7.2/10

Cabin in the Sky (1943)

Passed | | Fantasy, Musical | 9 April 1943 (USA)
A compulsive gambler dies during a shooting, but he'll receive a second chance to reform himself and to make up with his worried wife.

Directors:

Vincente Minnelli, Busby Berkeley (uncredited)

Writers:

Joseph Schrank (screen play), Lynn Root (based upon the book of the musical play by)


Cast overview, first billed only:
Ethel Waters ... Petunia Jackson
Eddie 'Rochester' Anderson ... Little Joe Jackson
Lena Horne ... Georgia Brown
Louis Armstrong ... The Trumpeter
Rex Ingram ... Lucius / Lucifer Jr.
Kenneth Spencer Kenneth Spencer ... The General / Rev. Green
John W. Bubbles ... Domino Johnson (as 'Bubbles' [John W. Sublett])
Oscar Polk ... The Deacon / Fleetfoot
Mantan Moreland ... First Idea Man
Willie Best ... Second Idea Man
Fletcher Rivers Fletcher Rivers ... Third Idea Man (as Moke [Fletcher Rivers])
Leon James Leon James ... Fourth Idea Man (as Poke [Leon James])
Bill Bailey Bill Bailey ... Bill
Ford Washington Lee Ford Washington Lee ... Messenger Boy (as 'Buck' [Ford L. Washington])
Butterfly McQueen ... Lily

Chronic gambler and carouser "Little" Joe Jackson is shot by Domino Johnson at Jim Henry's gambling club over an outstanding gambling debt. Little Joe's wife, the God-fearing Petunia Jackson, prays not only for her husband's mortal life, but also his eternal soul as she's afraid that if he dies now, he, despite not being an evil man, won't make it into heaven. As Little Joe is close to death, he is visited by agents of both the Lord and of Lucifer. They make a deal with him: they will give him six months to atone for the errors of his human life. Once back on Earth, he won't remember the deal but both the Lord and Lucifer will be watching over him, trying to get him to see things their way. As both sides try to get Little Joe's soul, they figure that some of the most powerful tools they have at their disposal are the women in Little Joe's life: Petunia on behalf of the Lord, and Georgia Brown, a gold-digging floozy, on behalf of Lucifer. As hard as both the Lord and Lucifer try to get... Written by Huggo

Plot Summary | Add Synopsis

Plot Keywords:

hell | shooting | prayer | church | singer | See All (46) »

Taglines:

Ethel Waters (Famed Torch Singer) See more »

Genres:

Fantasy | Musical

Certificate:

Passed | See all certifications »

Country:

USA

Language:

English

Release Date:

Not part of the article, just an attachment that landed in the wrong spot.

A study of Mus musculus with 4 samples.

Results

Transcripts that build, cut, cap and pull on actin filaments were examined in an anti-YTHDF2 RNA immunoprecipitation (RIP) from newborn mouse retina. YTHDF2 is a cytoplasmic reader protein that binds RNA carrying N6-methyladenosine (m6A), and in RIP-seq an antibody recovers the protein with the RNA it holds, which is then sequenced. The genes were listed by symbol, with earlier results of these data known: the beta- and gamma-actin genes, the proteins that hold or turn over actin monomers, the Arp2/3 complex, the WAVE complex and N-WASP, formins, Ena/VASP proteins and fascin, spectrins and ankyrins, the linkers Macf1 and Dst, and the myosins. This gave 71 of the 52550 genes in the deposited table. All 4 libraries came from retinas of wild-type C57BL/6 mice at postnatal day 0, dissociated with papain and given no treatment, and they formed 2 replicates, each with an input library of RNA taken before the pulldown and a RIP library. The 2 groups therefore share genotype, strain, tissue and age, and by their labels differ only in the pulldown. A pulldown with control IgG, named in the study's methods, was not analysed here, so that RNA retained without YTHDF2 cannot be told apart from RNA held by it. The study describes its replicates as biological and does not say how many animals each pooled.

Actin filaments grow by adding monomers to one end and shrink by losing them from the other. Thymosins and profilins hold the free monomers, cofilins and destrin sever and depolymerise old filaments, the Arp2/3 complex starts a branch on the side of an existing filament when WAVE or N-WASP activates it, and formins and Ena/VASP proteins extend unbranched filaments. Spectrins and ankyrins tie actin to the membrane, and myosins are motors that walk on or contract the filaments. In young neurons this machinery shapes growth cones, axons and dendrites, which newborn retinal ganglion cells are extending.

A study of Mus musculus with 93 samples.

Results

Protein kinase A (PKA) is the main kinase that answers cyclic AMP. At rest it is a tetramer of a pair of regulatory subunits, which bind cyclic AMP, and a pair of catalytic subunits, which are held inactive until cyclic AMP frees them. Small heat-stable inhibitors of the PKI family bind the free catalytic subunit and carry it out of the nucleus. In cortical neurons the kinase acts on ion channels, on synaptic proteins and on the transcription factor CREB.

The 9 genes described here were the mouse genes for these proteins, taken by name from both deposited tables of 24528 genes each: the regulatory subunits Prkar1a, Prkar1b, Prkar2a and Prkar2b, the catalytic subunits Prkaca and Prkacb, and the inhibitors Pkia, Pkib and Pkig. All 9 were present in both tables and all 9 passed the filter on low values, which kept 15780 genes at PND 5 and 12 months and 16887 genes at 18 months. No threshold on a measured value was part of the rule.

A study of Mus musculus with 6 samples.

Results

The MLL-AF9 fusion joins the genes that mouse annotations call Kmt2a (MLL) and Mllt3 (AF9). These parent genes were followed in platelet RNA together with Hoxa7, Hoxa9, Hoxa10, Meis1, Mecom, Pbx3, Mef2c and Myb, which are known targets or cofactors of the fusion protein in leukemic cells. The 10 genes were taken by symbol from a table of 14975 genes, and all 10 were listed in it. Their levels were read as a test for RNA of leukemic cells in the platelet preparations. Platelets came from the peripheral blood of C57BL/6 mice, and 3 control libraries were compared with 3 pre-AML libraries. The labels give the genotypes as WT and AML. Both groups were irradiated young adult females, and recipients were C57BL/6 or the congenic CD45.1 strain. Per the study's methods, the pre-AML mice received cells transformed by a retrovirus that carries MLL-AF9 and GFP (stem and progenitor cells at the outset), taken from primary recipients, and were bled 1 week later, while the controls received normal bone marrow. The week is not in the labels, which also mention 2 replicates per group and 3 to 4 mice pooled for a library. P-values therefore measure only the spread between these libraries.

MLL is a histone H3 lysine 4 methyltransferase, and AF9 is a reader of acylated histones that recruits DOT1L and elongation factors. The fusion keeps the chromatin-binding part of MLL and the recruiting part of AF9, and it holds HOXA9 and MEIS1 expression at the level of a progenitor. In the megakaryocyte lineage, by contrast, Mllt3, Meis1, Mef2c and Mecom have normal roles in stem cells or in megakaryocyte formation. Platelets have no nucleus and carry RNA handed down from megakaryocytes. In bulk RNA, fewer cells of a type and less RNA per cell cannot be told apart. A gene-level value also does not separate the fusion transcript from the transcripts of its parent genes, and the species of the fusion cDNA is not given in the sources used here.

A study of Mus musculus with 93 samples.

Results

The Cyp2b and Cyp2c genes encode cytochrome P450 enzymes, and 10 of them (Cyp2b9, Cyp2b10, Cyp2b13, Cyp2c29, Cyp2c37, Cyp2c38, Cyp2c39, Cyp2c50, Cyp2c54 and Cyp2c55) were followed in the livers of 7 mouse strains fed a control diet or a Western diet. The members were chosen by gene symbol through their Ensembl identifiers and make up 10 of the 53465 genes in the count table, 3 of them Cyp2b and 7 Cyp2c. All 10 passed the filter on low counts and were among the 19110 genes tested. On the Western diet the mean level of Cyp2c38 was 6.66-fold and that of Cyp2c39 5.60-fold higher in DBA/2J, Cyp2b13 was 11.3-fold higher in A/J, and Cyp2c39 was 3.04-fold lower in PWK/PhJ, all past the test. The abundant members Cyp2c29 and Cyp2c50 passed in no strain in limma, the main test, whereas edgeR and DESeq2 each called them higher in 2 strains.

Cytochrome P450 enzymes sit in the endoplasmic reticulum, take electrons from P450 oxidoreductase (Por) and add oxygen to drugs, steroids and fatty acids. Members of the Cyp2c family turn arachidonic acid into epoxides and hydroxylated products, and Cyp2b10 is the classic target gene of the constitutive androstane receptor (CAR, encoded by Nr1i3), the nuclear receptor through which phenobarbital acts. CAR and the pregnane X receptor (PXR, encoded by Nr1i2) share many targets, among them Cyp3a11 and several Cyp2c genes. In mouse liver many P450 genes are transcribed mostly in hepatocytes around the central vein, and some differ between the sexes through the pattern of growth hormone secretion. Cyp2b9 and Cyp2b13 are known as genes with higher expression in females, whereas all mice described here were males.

9 April 1943 (USA) See more »

Also Known As:

Cabin in the Sky See more »


Budget:

$662,141 (estimated)

Gross USA:

$1,606,624, 31 December 1943
See more on IMDbPro »

Company Credits

Show more on IMDbPro »

Technical Specs

Runtime:

Sound Mix:

Mono (Western Electric Sound System)

Color:

Black and White (Sepiatone)

Aspect Ratio:

1.37 : 1
See full technical specs »

Trivia

MGM recycled some of its tornado footage from The Wizard of Oz (1939) for a key scene. See more »

Goofs

During the nightclub fight between Domino Johnson and Little Joe, the gunshot he fires accidentally hits Petunia. She falls down on the steps of the staircase, where she drapes her right arm twice over the side. See more »

Quotes

Petunia Jackson: [after she runs Jim Henry and his crony off] Oh, Lord! Please forgive me for backsliding, but sometimes when you fight the Devil you've got to jab him with his own pitchfork!
See more »

Connections

Featured in MGM Greatest Moments: A Video Sampler (1987) See more »

Soundtracks

Taking a Chance on Love
(1940) (uncredited)
Music by Vernon Duke
Lyrics by John La Touche and Ted Fetter
Performed by Ethel Waters and Eddie 'Rochester' Anderson, with dancing by Bill Bailey
See more »


Witty, well-acted, years ahead of its time
26 December 2003 | by bregundSee all my reviews

This film crackles with energy from start to finish. Every moment of this film contains singing, dancing, or drama. There is so much going on in this film, and so often, that it is impossible to look away from it; its simple and timeless lessons about love, morality, misunderstandings, and forgiveness play out like little vignettes. Minnelli keeps the action moving so quickly that you can't even catch your breath. I doubt that the endearing sincerity of this film, so obvious in scenes such as when Little Joe comes home to greet Petunia, could be as genuine in today's jaded, cynical audiences. This is a wonderful, spirited film packed with talented actors. It's a shame that certain people have to point out that it's an "all-black" cast; why make skin color an issue?